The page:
Jessica M. Karmasek Feb. 12, 2015, 8:00am



WASHINGTON (Legal Newsline) - The U.S. Supreme Court, in a decision last month, ruled that a federal appeals court must apply a “clear error,” not a de novo, standard of review when reviewing a district court’s factual finding in support of its patent claim construction.




The nation’s high court, in its 17-page ruling, vacated the U.S. Court of Appeals for the Federal Circuit’s judgment in the case, Teva Pharmaceuticals USA Inc. v. Sandoz Inc.




 




Justice Stephen Breyer authored the court’s Jan. 20 opinion. Chief Justice John Roberts and justices Antonin Scalia, Anthony Kennedy, Ruth Bader Ginsburg, Sonia Sotomayor and Elena Kagan joined. Justice Clarence Thomas filed a dissenting opinion, in which Justice Samuel Alito joined.




 




Breyer said “practical considerations” favor clear error review.




“We have previously pointed out that clear error review is ‘particularly’ important where patent law is at issue because patent law is ‘a field where so much depends upon familiarity with specific scientific problems and principles not usually contained in the general storehouse of knowledge and experience,’” he wrote.




 




“A district court judge who has presided over, and listened to, the entirety of a proceeding has a comparatively greater opportunity to gain that familiarity than an appeals court judge who must read a written transcript or perhaps just those portions to which the parties have referred.”




 




The case pits Teva against generic drug makers. Teva sued over patent protections for its multiple sclerosis drug Copaxone.




 




In March, the Supreme Court granted a writ of certiorari to hear Teva’s appeal of the Federal Circuit’s decision invalidating several patents on the company’s multi-billion dollar drug.




 




The Supreme Court heard arguments in the case in October.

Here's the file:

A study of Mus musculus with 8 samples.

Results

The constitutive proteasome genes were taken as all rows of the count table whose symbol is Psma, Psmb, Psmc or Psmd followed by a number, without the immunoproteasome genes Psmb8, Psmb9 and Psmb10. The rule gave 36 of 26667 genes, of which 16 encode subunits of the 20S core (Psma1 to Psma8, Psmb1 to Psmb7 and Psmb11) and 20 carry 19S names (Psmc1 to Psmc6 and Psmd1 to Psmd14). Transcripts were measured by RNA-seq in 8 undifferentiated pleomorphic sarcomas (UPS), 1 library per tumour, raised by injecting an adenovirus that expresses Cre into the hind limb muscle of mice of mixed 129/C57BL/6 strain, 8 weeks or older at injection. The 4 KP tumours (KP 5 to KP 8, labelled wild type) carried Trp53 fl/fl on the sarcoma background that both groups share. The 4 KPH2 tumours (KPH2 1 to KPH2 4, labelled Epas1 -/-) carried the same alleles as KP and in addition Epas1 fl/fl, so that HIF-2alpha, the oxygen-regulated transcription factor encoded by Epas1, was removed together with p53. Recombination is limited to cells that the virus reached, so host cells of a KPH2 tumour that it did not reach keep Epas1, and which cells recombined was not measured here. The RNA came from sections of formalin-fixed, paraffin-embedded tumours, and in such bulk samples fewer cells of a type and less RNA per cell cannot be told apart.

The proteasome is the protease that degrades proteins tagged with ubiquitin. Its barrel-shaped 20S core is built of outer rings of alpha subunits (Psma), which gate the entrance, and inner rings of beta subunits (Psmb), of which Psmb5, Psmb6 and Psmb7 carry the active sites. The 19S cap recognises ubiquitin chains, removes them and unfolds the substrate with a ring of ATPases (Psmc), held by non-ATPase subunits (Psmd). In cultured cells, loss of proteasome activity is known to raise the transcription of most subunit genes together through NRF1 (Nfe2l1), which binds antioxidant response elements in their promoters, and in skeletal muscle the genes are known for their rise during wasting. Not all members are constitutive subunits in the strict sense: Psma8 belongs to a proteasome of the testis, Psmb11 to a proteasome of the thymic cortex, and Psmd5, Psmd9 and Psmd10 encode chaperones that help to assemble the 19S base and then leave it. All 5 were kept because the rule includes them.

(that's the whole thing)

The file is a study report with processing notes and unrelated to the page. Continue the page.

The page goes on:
The Federal Circuit’s standard of review of district court claim construction is a critical issue in almost every patent case. The Federal Circuit, which hears all U.S. patent appeals, requires de novo review, while Federal Rule of Civil Procedure 52(a) requires review only for clear error.




 




In its July 2013 ruling, the Federal Circuit invalidated several patents asserted against Sandoz, Momenta Pharmaceuticals Inc., Mylan Pharmaceuticals Inc. and Natco Pharma Ltd. by Teva.




 




The case involved a total of nine patents asserted by Teva for patent infringement associated with submission to the Food and Drug Administration of an Abbreviated New Drug Application, or ANDA, for generic Copaxone.




 




The asserted patents included seven FDA Orange Book patents and one non-Orange Book patent expiring in May 2014, and one non-Orange Book patent expiring in September 2015.




 




The publication “Approved Drug Products with Therapeutic Equivalence Evaluations,” commonly known as the Orange Book, identifies drug products approved on the basis of safety and effectiveness by the FDA under the Federal Food Drug and Cosmetic Act.




 




In 2012, the U.S. District Court for the Southern District of New York found all nine patents valid and infringed, and issued injunctions enjoining the FDA from approving any ANDA for generic Copaxone and enjoining the defendants in the case from making, using, offering for sale or selling a generic version of the drug until September 2015, the date of the latest expiring asserted patent.




 




The Federal Circuit’s opinion vacated the district court’s finding and injunctions, clearing the way for the FDA to grant final approval of a Copaxone ANDA and for potential commercialization of an approved generic of the drug.




 




Teva appealed the appellate court’s decision in January 2014, arguing that the court’s standard of review -- incorrectly -- determined the outcome.




 




The Supreme Court’s ruling now sends the case back to the Federal Circuit for proper review.




 




“We are encouraged by the U.S. Supreme Court’s decision and look forward to the Federal Circuit’s review,” said Erez Vigodman, president and CEO of Teva.




 




Mylan CEO Heather Bresch said she still believes Teva’s patent -- U.S. Patent No. 5,800,808 -- is invalid as indefinite. She said Mylan plans to address the issue with the Federal Circuit.




 




“Nevertheless, Mylan’s global platform has consistently demonstrated that our success is not about any one product,” Bresch said in a statement. “With that said, we look forward to bringing our generic version of Copaxone to market.”




 




From Legal Newsline: Reach Jessica Karmasek by email at patents@legalnewsline.com.